Driving Tales

For the most part, we really only drive once a week to the commissary in Maadi. And after today’s trip, we’re going to try to make that every two weeks.

I have actually taken to bringing my camera with us because you just never know what you’re going to see along the way. Today included a GREAT bread seller, no bicycle, but he gets the award for highest stack. And for some reason he was walking along the highway, which I can’t imagine would produce much opportunity for sales (without a bit of traffic conflict).

There are always the lovely shuttle busses to avoid at ALL cost (they’re truly the craziest on the road). And this one was spouting a rather toxic smoke.

Veg sellers on the street always have what’s current and fresh, so apparently carrots are currently in season (I never really thought of a carrot season, comes from having them so readily available in nice little plastic bags, I guess).

We saw a typical motorbike, but this one was unusual in that the driver had a helmet. Of course, he wasn’t WEARING the helmet, but at least there would be something readily available to scoop him into if needed.

And apparently these gentlemen were trying to figure out either how to get these tires over the wall behind them, or across the 8-10 lanes of traffic on the Ring Road. Good luck, either way!

This morning we trundled down to Maadi around 10:00am and traffic was great – barely there at all. Depending on when you go, traffic can be lovely and light, or typical and exhausting. The issue today arose when we got to the commissary, which has recently changed its entrance. With the change has come a lot of headache, so much so that we waited for 20-30 minutes today just to get into the complex and the commissary. It’s supposed to be a safety thing, and while I respect their intentions, allowing a queue of cars to build and build, doesn’t promote safety, at all. I think after today there will be a lot of heated emails sent on Sunday (our Monday of the week). So despite the lack of traffic, our shopping trip still took 3 hours door to door. Of course, we did also buy a LOT more than we usually do, with the intention of not going again for two weeks. I may have to supplement our fresh fruit and veg with local options… we’ll see how things go.

One bit of excitement on the way home was the fact that we had to collectively figure out how to turn on and off the windshield wipers… because it was actually raining! Now, downpour it was not, but enough rain was falling that we did have to use the wipers for more than half the trip home. Ron was eager to get home and off the roads, as rain tends to muck up things even moreso than normal (not only with literal muck, but Egyptians don’t get much rain, so they don’t know how to drive on suddenly muddy and slick roads). We made it home without incident. But even later in the afternoon it rained again and was tapping on the overhang of our windows. Chuckles didn’t know what to make of it and approached the window as if the Boogeyman himself was tapping (we do enjoy our feline torments).

We have had two recent mid-week mini-drives, by me, at night. Yes folks, Julia has driven in downtown Cairo at night – and found herself laughing out loud as she did so (which is better than crying as it doesn’t blur the vision). Ron called one evening to say that our kitchen trashcan had finally arrived but it was obviously quite a big box. He asked if I’d feel comfortable driving the car to the embassy to get him, the box and our friend Ben. I said sure (never one to really think things through right away).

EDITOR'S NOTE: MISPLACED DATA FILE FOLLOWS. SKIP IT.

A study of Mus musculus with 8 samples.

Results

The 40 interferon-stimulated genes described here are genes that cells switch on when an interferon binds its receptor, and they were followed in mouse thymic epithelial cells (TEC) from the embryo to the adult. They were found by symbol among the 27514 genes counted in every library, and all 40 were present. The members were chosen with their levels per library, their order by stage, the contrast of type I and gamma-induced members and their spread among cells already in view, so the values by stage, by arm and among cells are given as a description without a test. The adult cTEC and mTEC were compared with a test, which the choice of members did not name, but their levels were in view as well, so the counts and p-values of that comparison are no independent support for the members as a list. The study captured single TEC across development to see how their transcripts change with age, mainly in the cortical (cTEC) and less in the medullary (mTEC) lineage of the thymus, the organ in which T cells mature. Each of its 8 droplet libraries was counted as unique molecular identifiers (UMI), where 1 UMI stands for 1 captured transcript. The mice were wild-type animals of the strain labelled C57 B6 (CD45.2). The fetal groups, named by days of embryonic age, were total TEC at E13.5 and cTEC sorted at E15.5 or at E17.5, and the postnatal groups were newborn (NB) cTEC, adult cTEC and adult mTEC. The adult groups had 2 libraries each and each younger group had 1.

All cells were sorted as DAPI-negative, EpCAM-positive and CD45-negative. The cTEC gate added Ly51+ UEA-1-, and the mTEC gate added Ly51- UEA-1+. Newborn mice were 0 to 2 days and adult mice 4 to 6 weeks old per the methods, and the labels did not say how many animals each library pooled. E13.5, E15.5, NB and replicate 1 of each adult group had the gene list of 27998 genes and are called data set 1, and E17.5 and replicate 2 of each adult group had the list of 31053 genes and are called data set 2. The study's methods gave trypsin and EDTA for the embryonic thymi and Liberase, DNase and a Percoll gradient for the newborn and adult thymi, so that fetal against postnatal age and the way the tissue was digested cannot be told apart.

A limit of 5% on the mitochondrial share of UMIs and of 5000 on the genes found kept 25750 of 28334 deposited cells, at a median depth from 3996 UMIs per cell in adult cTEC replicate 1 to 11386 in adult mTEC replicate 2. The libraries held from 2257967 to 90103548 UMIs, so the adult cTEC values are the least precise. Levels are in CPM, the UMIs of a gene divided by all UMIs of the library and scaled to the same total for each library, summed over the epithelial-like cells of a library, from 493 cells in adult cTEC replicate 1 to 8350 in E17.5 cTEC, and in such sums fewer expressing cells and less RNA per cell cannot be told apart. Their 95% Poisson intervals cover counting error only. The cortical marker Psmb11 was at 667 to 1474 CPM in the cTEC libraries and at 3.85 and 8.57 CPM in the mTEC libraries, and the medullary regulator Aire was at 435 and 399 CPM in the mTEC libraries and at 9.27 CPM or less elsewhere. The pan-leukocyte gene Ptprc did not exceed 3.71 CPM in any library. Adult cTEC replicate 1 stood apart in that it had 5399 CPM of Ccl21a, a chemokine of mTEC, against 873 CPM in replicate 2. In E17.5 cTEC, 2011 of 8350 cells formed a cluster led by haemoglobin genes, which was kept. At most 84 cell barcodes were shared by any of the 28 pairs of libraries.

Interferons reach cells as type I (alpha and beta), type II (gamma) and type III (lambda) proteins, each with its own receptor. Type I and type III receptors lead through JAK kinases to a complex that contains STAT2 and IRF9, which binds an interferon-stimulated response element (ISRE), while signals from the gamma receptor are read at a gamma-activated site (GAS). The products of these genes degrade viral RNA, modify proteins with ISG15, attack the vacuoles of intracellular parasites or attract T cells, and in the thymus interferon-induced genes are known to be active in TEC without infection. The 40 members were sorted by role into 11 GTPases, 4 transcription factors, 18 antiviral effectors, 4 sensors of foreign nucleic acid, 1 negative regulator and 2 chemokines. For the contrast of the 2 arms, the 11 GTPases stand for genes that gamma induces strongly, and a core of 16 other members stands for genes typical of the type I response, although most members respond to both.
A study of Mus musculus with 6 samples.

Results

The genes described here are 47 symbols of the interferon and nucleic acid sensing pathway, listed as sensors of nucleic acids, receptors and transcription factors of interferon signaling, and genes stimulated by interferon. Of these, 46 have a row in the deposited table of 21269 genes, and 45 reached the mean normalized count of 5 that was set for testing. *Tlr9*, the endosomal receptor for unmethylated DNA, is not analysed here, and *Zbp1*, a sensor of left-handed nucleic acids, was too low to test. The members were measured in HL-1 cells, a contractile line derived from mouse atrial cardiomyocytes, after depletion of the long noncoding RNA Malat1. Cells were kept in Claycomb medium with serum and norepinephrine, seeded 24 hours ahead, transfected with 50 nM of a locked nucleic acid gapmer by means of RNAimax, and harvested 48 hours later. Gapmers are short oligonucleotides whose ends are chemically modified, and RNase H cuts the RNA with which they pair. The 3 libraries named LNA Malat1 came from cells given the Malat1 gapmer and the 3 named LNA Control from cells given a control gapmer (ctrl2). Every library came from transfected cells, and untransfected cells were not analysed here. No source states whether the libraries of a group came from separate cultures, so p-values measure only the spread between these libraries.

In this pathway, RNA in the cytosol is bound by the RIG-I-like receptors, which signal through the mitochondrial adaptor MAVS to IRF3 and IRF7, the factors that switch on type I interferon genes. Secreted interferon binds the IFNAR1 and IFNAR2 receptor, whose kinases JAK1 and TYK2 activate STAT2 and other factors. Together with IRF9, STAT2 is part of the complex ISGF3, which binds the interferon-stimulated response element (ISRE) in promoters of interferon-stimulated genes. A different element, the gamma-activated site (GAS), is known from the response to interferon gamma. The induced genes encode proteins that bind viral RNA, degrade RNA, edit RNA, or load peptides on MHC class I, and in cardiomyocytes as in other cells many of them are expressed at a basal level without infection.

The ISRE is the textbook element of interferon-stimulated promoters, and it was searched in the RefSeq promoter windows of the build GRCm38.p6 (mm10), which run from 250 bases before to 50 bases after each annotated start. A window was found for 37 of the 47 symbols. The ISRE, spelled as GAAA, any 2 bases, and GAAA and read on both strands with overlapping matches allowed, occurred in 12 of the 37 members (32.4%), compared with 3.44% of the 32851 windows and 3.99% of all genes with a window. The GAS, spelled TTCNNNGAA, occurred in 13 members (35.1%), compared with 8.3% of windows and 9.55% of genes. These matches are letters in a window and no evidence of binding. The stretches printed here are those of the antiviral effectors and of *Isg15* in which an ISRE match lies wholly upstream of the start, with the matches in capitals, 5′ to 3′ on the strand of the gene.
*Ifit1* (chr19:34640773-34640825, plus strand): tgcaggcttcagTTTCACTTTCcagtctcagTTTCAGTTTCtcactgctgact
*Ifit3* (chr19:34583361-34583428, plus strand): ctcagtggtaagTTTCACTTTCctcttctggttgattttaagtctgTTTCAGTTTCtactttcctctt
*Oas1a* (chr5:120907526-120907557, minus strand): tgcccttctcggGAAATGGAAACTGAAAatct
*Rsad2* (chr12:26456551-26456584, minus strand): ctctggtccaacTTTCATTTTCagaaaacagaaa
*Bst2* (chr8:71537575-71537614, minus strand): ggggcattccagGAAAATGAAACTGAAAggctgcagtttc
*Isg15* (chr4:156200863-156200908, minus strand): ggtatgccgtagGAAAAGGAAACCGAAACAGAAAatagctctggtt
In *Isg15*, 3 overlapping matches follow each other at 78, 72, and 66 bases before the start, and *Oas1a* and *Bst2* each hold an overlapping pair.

I got out of our compound just fine, through the gate at the end of the street (manned by the ever-present Cairo street guards), then slowly, ever so slowly, inched my way through a block of parked cars on either side, wishing I had a passenger who could snap in the side mirror to make things easier (yes, the extra few inches can make a world of difference). Then it was time to “merge” into the flow of traffic. Now, back in the states as the one who needs to merge, you tend to inch forward slowly knowing that someone will eventually let you in, or enough space will open up. Here, you just go for it, otherwise you will sit there and collect dust (until someone comes up behind you beeping incessantly). So, with a bit of a laugh, I just floored it and fell in line. Cairo traffic is like a flow of mercury, absorbing mercuric bits along the way as it releases bits elsewhere, but constantly in motion.

Relying on the “Care only about your front end” adage, I drove with confidence, only rarely glancing in my side mirrors to see who might be there and may try to speed up and swerve in front of me. Being able to read other drivers is key. All was good until we got to the Lion Bridge, when 4-6 lanes of traffic (lane being a very loose term as you make your own) merge down into 2-3, and as happened this night, there’s often a stalled car somewhere along the bridge, adding to the fun.

I made it to the embassy without a scratch (that I noticed) and gathered my husband, trashcan and friend. Surprisingly neither of them offered to take over the wheel, so I drove home. At first, I was quite pleased that they felt comfortable enough with me driving, but then I realized that they felt too comfortable and were discussing the possibilities of the Julia Taxi being on call for other nights. I nixed that one. Though a few days later I did do the journey one more time as another few large boxes had been delivered (cat food, bedding, etc.). But it is nice that with each foray, the confidence does grow – oh, and we finally got our taillight guards and front end heavy duty black metal guard grill installed, so anything remotely pliable, like a human, should just bounce off without hurting the car too much.